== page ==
MLB Teams Dodge Minor Leaguers’ Labor Suit


     SAN FRANCISCO (CN) – A labor dispute between minor-league baseball players and Major League Baseball may be adjudicated in California, but only for claims against the Pittsburgh Pirates, the Detroit Tigers and the New York Yankees, a federal judge ruled on Wednesday.
     In a putative class action, lead plaintiff Aaron Senne – who played for the Miami Marlins organization from 2010 to 2013 – claims Major League Baseball underpays its amateur players.
     He originally sued three Major League clubs, Major League Baseball and its commissioner Bud Selig in 2014, eventually adding all 30 Major League teams as defendants.
     Ten of those teams moved to dismiss the action, claiming they were not subject to jurisdiction in California. The teams that sought dismissal included the Atlanta Braves, the Boston Red Sox, the Chicago White Sox, the Detroit Tigers, the New York Yankees, the Philadelphia Phillies, the Pittsburgh Pirates, the Tampa Bay Rays, the Washington Nationals and the Baltimore Orioles.
     The teams argued that intermittent travel, communications and various other activities in California were not sufficient to establish personal jurisdiction there.
     But the minor-league players argued that the Major League has “deep roots in California” and derives “substantial income” from the state.
     The players also argued that the “highly interdependent nature” of the Major League supports general jurisdiction, especially because the case involves “a universal scheme enacted by all defendants to depress salaries.”
     In the court’s 105-page ruling issued Wednesday, U.S District Judge Joseph Spero said that the Supreme Court’s recent guidance on the theory of general jurisdiction “has made clear that the concept of ‘home’ in the context of general jurisdiction should be understood narrowly.”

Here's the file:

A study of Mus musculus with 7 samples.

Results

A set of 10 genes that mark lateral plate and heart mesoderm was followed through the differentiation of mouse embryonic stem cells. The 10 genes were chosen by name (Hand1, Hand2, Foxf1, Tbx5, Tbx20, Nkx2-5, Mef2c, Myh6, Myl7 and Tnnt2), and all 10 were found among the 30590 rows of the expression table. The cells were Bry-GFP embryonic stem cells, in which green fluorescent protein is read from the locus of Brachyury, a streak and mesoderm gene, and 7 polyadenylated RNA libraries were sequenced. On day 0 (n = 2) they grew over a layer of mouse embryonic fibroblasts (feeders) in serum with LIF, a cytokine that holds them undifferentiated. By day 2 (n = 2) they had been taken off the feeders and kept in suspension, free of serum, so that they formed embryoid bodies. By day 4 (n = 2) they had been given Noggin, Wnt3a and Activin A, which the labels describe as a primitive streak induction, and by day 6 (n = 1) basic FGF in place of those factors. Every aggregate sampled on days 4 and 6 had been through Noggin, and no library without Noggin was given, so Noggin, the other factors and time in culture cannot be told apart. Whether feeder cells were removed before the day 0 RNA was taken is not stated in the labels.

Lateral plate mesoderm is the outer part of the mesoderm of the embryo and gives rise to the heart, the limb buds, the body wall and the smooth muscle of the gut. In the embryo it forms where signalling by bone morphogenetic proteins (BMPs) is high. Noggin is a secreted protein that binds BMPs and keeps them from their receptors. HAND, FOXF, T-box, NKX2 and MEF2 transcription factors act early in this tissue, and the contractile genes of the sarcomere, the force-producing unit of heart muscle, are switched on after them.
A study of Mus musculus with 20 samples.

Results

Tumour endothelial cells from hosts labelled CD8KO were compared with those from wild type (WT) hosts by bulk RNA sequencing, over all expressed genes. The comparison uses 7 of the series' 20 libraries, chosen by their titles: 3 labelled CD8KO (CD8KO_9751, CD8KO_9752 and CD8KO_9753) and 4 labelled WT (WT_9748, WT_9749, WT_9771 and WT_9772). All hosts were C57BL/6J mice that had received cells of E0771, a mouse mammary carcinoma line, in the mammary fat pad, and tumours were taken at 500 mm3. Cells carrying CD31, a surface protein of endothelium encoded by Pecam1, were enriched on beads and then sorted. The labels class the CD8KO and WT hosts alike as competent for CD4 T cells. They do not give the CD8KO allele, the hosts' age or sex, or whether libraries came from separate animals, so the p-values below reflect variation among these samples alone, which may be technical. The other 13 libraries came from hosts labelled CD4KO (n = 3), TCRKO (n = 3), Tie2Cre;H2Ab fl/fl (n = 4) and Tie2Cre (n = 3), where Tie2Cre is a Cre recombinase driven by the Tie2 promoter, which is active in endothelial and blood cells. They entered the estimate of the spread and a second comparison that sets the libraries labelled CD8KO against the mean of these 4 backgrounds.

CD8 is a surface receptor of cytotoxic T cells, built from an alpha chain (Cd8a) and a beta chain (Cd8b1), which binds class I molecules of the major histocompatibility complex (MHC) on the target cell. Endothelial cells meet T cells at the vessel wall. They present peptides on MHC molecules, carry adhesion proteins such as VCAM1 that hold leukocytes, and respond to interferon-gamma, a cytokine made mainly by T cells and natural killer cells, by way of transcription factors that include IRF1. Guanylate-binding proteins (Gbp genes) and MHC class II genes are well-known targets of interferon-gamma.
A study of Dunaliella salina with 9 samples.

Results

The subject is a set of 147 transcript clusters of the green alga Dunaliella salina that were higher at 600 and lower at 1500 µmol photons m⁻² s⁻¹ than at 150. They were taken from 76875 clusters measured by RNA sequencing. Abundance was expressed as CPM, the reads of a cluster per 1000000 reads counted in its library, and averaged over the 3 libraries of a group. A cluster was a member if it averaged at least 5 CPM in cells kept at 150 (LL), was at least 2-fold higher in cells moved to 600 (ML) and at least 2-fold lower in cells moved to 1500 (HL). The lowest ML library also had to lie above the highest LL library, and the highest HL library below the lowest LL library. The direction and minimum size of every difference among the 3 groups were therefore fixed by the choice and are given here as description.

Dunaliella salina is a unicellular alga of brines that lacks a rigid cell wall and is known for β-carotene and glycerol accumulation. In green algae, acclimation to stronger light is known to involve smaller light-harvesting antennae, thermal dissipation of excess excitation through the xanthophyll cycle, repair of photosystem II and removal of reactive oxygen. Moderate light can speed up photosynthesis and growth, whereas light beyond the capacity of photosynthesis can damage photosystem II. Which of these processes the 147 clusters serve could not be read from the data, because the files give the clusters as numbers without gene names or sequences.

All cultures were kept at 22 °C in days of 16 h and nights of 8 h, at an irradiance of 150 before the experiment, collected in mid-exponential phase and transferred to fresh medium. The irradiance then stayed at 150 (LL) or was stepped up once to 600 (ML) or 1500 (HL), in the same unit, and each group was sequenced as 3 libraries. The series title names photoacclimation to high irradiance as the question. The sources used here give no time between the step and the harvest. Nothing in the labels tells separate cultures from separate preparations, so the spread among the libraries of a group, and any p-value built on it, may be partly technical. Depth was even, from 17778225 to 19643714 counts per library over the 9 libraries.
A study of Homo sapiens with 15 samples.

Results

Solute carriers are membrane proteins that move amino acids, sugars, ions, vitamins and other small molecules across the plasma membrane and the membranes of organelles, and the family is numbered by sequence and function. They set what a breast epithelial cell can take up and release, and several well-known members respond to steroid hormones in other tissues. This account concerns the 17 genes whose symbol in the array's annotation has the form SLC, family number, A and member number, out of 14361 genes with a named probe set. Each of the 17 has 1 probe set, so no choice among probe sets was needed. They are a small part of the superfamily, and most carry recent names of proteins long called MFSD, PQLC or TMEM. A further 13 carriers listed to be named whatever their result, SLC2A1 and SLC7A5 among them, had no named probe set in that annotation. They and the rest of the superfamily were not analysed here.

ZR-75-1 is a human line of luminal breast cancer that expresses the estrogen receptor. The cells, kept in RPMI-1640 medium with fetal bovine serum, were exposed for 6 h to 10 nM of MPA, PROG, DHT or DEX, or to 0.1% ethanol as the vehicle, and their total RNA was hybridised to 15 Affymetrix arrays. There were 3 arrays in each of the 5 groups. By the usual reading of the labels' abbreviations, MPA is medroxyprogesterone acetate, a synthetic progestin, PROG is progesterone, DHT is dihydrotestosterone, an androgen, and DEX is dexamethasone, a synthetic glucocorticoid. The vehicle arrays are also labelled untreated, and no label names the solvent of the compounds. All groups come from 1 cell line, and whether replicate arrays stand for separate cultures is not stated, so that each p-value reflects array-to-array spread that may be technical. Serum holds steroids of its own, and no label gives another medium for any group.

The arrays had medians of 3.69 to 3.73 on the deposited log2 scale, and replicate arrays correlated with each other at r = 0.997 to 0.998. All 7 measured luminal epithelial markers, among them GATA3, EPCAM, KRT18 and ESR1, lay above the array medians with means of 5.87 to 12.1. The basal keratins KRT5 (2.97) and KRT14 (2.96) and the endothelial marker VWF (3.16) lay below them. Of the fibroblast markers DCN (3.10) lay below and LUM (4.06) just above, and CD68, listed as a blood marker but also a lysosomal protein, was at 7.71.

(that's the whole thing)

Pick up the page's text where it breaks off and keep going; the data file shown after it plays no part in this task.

He said that despite the MLB’s lucrative licensing deals, “California cannot be considered home to any of these clubs,” because their travel, business and scouting activities in the state “do not represent such a significant portion of their activities that their presence in California would be analogous to being domiciled in California or having their principal place of business in California.”
     For that reason, Spero said, there is no general jurisdiction of the teams in California.
     He did find, however, that specific jurisdiction in California applies to the Pirates, the Tigers and the Yankees, since the named plaintiffs asserting claims against those teams all reside in the Golden State and have performed offseason work there over the past several years.
     Spero dismissed the claims brought against the other seven teams for lack of personal jurisdiction.
     Neither side could be reached for comment on Wednesday.
     The plaintiffs are represented by Daniel Warshaw, with Pearson Simon in Sherman Oaks, Calif.
     The defendants are represented by Elise Bloom, with Proskauer Rose in New York City.